Nature as Teacher and Guide: Two Interlocking Poetry Writing Exercises
Step Four: A Journey into Nature toward a Mentor
With student junior high age and older, I often use next another exercise in writing nature poems, one that builds on the same attitude toward nature as the Circle Poem exercise. This second exercise is based on a poem by the Chinese poet Tu Fu (712-770). To introduce Chinese poetry, I sometimes show students landscapes by Chinese artists and point out the relation between the huge mountains and the tiny human figures. I also mention the Chinese reverence for philosophers and poets who withdrew from business to contemplate nature, to partake of a tea ceremony, to play meditative games like chess, or to write poems. Such pursuits were available to the educated elite, it is true, but many Chinese landscapes also convey an appreciation and knowledge of crows, say, or plum trees, which were available to all observers, regardless of education or status.
I began by summarizing Tu Fu’s life. Tu Fu served at the court of the emperor Ming Huang, the Bright Emperor, but in the struggle to bring the “associated peoples of the inner Asian frontiers to a share of power and a measure of autonomy,” he went to live in the remote province of Szechuan. Tu Fu’s son died of starvation (or disease), and he himself perished on a houseboat on which he lived in his final years. Tu Fu had adequate means to survive, but sometime just barely. The reverence for life in his poetry also suggests that he enjoyed his years of retirement from the glitter and intrigue of the court.
Tu Fu’s method of presenting images—essentially one to a line—had had an enormous impact on contemporary American Poets like James Wright and Robert Bly, as has the fluid manner in which Tu Fu moves us through a landscape or experience to what is often a startling conclusion. Because of this influence—and Kenneth Rexroth’s beautiful translations—Tu Fu’s poetry strikes us as having a contemporary sound. It seems to belong to our age.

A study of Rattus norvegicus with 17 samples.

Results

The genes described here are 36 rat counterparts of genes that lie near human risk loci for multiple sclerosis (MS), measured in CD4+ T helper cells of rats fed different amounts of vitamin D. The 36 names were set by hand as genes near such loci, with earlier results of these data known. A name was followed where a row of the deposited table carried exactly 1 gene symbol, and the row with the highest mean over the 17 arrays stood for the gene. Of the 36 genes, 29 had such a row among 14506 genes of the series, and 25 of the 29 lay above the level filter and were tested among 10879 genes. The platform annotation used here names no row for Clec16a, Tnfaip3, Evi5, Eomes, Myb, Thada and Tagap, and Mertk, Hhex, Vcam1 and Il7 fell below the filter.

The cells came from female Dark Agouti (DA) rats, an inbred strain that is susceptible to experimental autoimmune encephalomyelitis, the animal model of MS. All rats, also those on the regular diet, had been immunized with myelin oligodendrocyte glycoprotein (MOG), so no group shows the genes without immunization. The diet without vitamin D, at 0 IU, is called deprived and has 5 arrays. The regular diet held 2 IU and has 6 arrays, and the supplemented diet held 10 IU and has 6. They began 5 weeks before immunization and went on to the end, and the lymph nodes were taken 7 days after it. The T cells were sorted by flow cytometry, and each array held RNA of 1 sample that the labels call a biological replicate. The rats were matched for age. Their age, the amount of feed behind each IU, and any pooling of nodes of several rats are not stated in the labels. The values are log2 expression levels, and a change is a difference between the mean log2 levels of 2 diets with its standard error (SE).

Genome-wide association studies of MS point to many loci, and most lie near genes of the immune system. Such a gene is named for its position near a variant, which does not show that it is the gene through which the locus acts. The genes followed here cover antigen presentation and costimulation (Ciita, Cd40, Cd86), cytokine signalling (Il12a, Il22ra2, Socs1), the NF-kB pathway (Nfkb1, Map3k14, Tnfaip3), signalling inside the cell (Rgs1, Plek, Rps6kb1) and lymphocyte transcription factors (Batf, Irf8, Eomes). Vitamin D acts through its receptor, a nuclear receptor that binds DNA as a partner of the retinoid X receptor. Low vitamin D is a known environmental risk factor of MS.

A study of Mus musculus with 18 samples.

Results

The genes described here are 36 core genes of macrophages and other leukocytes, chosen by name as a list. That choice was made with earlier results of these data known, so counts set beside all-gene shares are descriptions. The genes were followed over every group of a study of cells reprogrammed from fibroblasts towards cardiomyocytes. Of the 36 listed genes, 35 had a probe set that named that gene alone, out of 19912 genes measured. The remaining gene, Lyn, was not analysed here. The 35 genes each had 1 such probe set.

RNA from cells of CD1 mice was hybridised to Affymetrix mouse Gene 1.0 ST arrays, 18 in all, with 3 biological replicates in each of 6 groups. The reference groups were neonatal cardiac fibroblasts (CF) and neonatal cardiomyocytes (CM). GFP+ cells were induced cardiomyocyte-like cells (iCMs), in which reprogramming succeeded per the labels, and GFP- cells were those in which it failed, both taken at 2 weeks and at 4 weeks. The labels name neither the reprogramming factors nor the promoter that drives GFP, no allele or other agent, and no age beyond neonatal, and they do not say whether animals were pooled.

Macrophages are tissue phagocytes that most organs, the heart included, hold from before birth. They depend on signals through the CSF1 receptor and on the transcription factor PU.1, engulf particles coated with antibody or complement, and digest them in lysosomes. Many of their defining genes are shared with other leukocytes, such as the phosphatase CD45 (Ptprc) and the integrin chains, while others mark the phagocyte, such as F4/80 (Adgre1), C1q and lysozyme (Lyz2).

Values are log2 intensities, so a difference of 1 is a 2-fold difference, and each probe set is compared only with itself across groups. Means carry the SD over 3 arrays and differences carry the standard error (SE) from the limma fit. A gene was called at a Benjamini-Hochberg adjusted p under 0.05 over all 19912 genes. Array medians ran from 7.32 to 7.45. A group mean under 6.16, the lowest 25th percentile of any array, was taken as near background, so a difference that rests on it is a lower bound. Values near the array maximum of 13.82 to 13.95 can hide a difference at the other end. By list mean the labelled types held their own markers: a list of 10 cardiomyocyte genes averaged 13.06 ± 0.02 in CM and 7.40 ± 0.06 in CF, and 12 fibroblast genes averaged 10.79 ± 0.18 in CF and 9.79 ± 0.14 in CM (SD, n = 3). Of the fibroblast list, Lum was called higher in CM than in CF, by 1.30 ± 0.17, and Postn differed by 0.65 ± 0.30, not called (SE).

The Tu Fu poem I use with students is “Written on the Wall at Chang’s Hermitage.” The students and I pause to discuss the meaning of hermit and hermitage, then I read the poem:
I come alone seeking you.
The sound of chopping wood echoes
between the silent peaks.
The streams are still icy.
There is snow on the trail.
At sunset I reach your grove
in the stony mountain pass.
You want nothing, although at night
you can see the aura of gold
and silver ore all around you.
You have learned to be gentle
as the mountain deer you have tamed.
The way back forgotten, hidden
away, I become like you,
an empty boat, floating, adrift.
First, I ask the students what season it is in the poem. After they answer, “Spring,” I ask, “Early, middle, or late spring, almost summer?” This question sends us to the first six lines, with their specific details of early spring: ” icy streams, snow on the trail, the sound of shopping that suggests firewood needed to heat cold houses.
Next we discuss what Chang teaches the speaker. “What qualities doe it take to tame a mountain deer?” I ask. Students answer: patience, attention to the deer’s habits and needs, and willingness to blend into the natural world and to follow its rhythms. I also ask them to explain what the lines “You can see the aura of gold / and silver ore all around you” suggest about Chang. We consider if mining is going on in the mountains or if “aura” suggests rather human greed which Chang sees but has put aside.
Finally we consider the final three lines, the hardest lines in the poem. Not only is there a shift in focus—from season and mountain in lines 1-8, to Chang and his life in lines 9-13, and then to the concluding effect of this visit on the speaker—but there is also the first obvious use of a comparison in the poem: “I become like you, / An empty boat, floating, adrift.” (“forgotten, hidden away”) create a sense of ambivalence: Has the speaker forgotten the way back on purpose, or has he been so changed that he can’t find it? Does “hidden away” suggest he can’t go back the same way, because he’s been changed? And what about the comparison?
I ask the students, “If I said to you, ‘My life has become like an empty boat, floating, adrift,’ what would you think I meant?” The answers are always interesting: “That you’ve lost direction, are drifting with the current.” Or “You’re lonely and afraid.” I admit such interpretations are possible, but I also suggest that there’s a freedom in letting one’s life into the current, empty of expectations and goals, willing to go where the river takes you. However we interpret the speaker’s attitude at the end, we all agree that the visit to Chang’s hermitage has changes him. And that Chang himself exemplifies many qualities of respect and attention to the natural world that are found in Scott Momaday’s “Delight Song.” Both poems indicate how to “stand in good relation” to the natural world.